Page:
Pope Francis calls for attention to the “mortal danger” facing Somalia

At the end of the recitation of the Angelus, the Pope’s thoughts turn to the population of Somalia and neighbouring countries, grappling with a serious humanitarian crisis also linked to an unprecedented drought.

By Vatican News staff reporter

Following the recitation of the Marian Prayer on Sunday, Pope Francis drew attention to “the serious humanitarian crisis affecting Somalia and parts of neighbouring countries.”

The Pope emphasized that “the populations of this region, already living in very precarious conditions, are now in mortal danger from drought.”

“I hope that international solidarity can respond effectively to this emergency. Unfortunately, war diverts attention and resources, but these are the objectives that demand the greatest commitment: the fight against hunger, health, education,” he said.

Sounding the alarm

Aid agencies have also sounded the alarm, with the Food and Agriculture Organization (FAO) saying that famine could set in in eight regions of Somalia by September if crop failures and lower livestock production continue.

According to the UN refugee agency UNHCR and the Norwegian Refugee Council (NRC), more than 755,000 people have been internally displaced in Somalia because of the severe drought this year, bringing the total figure to 1 million people since January 2021 when the drought began.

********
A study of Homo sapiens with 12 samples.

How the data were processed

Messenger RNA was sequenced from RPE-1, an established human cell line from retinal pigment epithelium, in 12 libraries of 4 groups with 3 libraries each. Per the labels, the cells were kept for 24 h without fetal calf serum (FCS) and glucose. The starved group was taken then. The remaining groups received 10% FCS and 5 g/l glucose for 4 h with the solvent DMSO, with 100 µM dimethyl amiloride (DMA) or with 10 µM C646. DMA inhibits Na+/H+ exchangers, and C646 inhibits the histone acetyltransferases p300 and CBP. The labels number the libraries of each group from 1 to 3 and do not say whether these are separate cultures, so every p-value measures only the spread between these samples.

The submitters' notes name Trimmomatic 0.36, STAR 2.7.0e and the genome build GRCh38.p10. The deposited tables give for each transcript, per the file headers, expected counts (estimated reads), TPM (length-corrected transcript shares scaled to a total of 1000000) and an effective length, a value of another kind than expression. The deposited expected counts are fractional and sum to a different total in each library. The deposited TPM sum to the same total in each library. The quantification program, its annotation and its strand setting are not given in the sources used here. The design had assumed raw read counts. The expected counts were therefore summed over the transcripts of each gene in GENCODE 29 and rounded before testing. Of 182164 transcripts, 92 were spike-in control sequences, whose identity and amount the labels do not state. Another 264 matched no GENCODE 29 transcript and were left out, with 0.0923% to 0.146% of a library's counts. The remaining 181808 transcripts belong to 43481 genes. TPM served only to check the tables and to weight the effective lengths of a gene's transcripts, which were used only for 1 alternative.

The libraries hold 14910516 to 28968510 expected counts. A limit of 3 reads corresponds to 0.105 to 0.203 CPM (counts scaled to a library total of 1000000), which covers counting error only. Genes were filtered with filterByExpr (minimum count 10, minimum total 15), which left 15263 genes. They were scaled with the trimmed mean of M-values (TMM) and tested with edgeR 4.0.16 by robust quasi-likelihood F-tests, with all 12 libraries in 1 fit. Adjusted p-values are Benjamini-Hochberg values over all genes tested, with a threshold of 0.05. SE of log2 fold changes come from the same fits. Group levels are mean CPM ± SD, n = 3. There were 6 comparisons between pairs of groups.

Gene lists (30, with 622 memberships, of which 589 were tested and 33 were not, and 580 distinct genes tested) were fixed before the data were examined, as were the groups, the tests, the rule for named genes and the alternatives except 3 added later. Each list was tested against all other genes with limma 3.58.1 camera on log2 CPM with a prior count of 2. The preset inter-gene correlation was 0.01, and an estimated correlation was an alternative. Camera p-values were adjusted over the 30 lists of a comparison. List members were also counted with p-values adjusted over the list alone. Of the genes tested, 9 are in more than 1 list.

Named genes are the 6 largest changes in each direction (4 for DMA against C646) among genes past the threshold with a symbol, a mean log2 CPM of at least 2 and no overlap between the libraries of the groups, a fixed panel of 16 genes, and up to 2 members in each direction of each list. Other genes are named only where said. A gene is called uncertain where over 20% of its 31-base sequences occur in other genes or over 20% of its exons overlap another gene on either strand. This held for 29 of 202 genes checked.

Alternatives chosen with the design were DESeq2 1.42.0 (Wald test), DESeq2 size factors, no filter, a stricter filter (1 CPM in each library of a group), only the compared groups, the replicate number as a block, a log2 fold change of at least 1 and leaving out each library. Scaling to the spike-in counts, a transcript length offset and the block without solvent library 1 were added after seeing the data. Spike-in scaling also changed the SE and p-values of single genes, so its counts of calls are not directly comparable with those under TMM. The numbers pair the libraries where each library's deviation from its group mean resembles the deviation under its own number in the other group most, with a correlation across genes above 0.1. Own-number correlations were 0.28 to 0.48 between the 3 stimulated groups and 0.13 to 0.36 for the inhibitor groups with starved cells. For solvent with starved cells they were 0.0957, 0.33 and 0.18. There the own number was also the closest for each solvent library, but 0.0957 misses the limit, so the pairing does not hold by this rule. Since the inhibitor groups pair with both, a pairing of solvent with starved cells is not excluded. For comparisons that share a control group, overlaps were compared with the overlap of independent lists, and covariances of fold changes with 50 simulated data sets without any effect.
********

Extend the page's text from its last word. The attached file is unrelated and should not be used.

“This 1 million milestone serves as a massive alarm bell for Somalia,” said Mohamed Abdi, NRC’s Country Director in Somalia. “Starvation is now haunting the entire country. We are seeing more and more families forced to leave everything behind because there is literally no water or food left in their villages. Aid funding urgently needs to be ramped up before it is too late.”

Divine Mercy and Ukraine

After the Angelus the Pope also had a special thought for the many pilgrims gathered Sunday at the Shrine of Divine Mercy in Krakow, where twenty years ago St John Paul II made the Act of Entrustment of the world to Divine Mercy.

“More than ever we see today the meaning of that gesture, which we wish to renew in prayer and in the testimony of our lives. Mercy is the way of salvation for each of us and for the whole world. And we ask the Lord, special mercy, mercy and pity for the tormented people of Ukraine,” he said.